Farming groups demand some kind of actual action from regulators
Updated Twelve farm labor, advocacy, and repair groups filed a complaint last week with the US Federal Trade Commission claiming that agricultural equipment maker Deere & Company has unlawfully refused to provide the software and technical data necessary to repair its machinery.
The groups include National Farmers Union, Iowa Farmers Union, Missouri Farmers Union, Montana Farmers Union, Nebraska Farmers Union, Ohio Farmers Union, Wisconsin Farmers Union, Farm Action, the U.S. Public Interest Research Group, the Illinois Public Interest Research Group, the Digital Right to Repair Coalition, and iFixit.
They contend that Deere & Company owns over 50 per cent of the agricultural machinery market in the US and has deliberately restricted access to its diagnostic software and other information necessary to repair its products in violation of the Sherman Act and statutes covering unfair and deceptive trade practice. And they're asking the FTC to intervene by putting an end to these practices.
"Deere is the dominant force in the $68 billion US agricultural equipment market, controlling over 50 per cent of the market for large tractors and combines," said Jamie Crooks, attorney from Fairmark Partners, which represents the farm and repair groups, in a preface to the complaint [PDF].
"For many farmers and ranchers, they effectively have no choice but to purchase their equipment from Deere. Not satisfied with dominating just the market for equipment, Deere has sought to leverage its power in that market to monopolize the market for repairs of that equipment, to the detriment of farmers, ranchers, and independent repair providers."
Right-to-repair kicking up a gear
Objections to Deere & Company's practices, part of a broader pushback against digital lock protections built into the Digital Millennium Copyright Act, go back many years. Initially the province of cyber liberties activists like the Electronic Frontier Foundation, digital repair concerns have come to the attention of lawmakers in the US, the UK and Europe.
In January, Deere & Company was hit with two lawsuits, one in Illinois and the other in Alabama, over the company's repair restrictions, and US President Joe Biden voiced support for repair rights. Then in February, US lawmakers in the House of Representatives and in the Senate introduced separate bills to guarantee the right to repair.
When states began to consider right to repair legislation in 2018, Deere & Company, through an affiliated trade organization, said by January 1, 2021 it would provide tools through authorized dealers "to empower farmers and ranchers to perform basic service, maintenance and repairs on their equipment."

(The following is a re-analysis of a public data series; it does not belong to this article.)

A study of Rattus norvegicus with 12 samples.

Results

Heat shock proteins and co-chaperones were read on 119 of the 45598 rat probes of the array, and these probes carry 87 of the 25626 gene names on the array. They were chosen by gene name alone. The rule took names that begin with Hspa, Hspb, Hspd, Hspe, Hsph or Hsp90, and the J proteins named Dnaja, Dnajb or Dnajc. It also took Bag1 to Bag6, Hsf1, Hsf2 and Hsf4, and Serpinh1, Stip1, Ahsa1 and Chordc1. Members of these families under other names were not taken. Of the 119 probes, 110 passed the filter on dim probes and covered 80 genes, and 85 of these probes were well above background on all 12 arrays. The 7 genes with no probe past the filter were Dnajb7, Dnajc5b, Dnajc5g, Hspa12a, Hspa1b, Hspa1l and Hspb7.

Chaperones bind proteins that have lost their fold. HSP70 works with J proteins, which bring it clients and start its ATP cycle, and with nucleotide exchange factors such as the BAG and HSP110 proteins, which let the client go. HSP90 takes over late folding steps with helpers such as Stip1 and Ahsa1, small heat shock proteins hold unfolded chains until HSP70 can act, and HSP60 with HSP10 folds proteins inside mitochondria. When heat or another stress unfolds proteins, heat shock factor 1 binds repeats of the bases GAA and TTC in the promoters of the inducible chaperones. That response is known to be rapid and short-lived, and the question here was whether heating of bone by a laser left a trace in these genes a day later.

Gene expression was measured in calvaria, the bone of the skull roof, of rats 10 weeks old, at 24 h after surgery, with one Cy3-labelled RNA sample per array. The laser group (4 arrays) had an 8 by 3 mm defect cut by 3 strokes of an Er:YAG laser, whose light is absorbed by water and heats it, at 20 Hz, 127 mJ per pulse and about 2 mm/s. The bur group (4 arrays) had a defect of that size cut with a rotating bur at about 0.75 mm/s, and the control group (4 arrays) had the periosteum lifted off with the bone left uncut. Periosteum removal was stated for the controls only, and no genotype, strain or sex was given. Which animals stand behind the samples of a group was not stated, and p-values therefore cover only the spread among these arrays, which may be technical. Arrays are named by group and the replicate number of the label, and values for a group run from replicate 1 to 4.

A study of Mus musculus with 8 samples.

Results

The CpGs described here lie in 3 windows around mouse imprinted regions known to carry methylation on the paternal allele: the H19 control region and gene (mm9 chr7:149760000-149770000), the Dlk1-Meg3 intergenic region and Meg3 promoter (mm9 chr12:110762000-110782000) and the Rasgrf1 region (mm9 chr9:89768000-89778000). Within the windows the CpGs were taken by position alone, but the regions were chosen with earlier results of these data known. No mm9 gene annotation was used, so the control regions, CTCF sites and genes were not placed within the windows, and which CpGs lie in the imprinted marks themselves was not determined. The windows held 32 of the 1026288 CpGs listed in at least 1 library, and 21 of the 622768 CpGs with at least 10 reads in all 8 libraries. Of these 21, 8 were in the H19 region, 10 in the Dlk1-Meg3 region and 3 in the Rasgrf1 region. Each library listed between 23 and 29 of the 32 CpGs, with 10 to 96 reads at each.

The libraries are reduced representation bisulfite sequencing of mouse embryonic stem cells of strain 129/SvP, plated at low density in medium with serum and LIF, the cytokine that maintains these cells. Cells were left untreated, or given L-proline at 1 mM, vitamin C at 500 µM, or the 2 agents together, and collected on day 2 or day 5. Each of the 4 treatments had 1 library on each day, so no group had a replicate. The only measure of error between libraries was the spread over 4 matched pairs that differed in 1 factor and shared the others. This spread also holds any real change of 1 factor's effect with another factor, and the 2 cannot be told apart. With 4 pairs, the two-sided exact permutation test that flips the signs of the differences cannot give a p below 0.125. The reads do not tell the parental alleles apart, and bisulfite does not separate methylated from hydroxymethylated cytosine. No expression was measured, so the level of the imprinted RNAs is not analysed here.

- Right-to-repair laws proposed in the US aim to make ownership great again
- Farm machinery giant John Deere plows into two right-to-repair lawsuits
- US President Joe Biden reminds the White House he is serious about repairability
- Magnanimous Apple will allow people to fix their iPhones using parts bought from its Self Service Repair program
Crooks observes that 2021 has come and gone without this commitment being met. Instead, Deere & Company provides repair information only if farmers and ranchers pay thousands of dollars up front for a service called Customer Service Advisor, which still does not enable them to perform common repairs on their own. Citing this misrepresentation, the complaint asks the FTC to intervene.
The legal filing cites several examples of the impact Deere & Company's practices have had on farmers. It recounts how Jared Wilson, a farmer near Butler, Missouri, experienced a mechanical valve failure on a Deere fertilizer spreader that sent the machinery into "limp mode" until the software error code could be resolved by a Deere-authorized technician. Wilson had to take his equipment to the dealer and wait 32 days for a repair, resulting in an estimated loss of $30,000 to $60,000 because he could not use the machinery.
What's more, the complaint says it appears that Deere & Company is gathering data from farmers and using that information to provide optimization techniques to other farmers, eroding potential points of competitive differentiation among its customers.
"These are techniques farmers have developed and keep secret for a competitive advantage over their rivals," the complaint says. "But if they use a Deere machine with JDLink, farmers are revealing those techniques for Deere to profit off of."
The FTC filing also suggests a rationale for Deere & Company's behavior: It alleges that the repair business is three to six times more profitable than the agricultural machinery sales business.
Deere & Company did not respond to a request for comment. ®
Updated to add
"John Deere supports a customer's right to safely maintain, diagnose, and repair their own equipment. To facilitate this, Deere provides the tools, parts, information guides, training videos and manuals needed for farmers to work on their machines, including remote access for technicians to provide long-distance support," the agri-giant told The Register.
"John Deere does not support the right to modify embedded software due to the risks associated with the safe operation of equipment, emissions compliance, and engine performance. We remain committed to providing innovative solutions that support our customers' needs."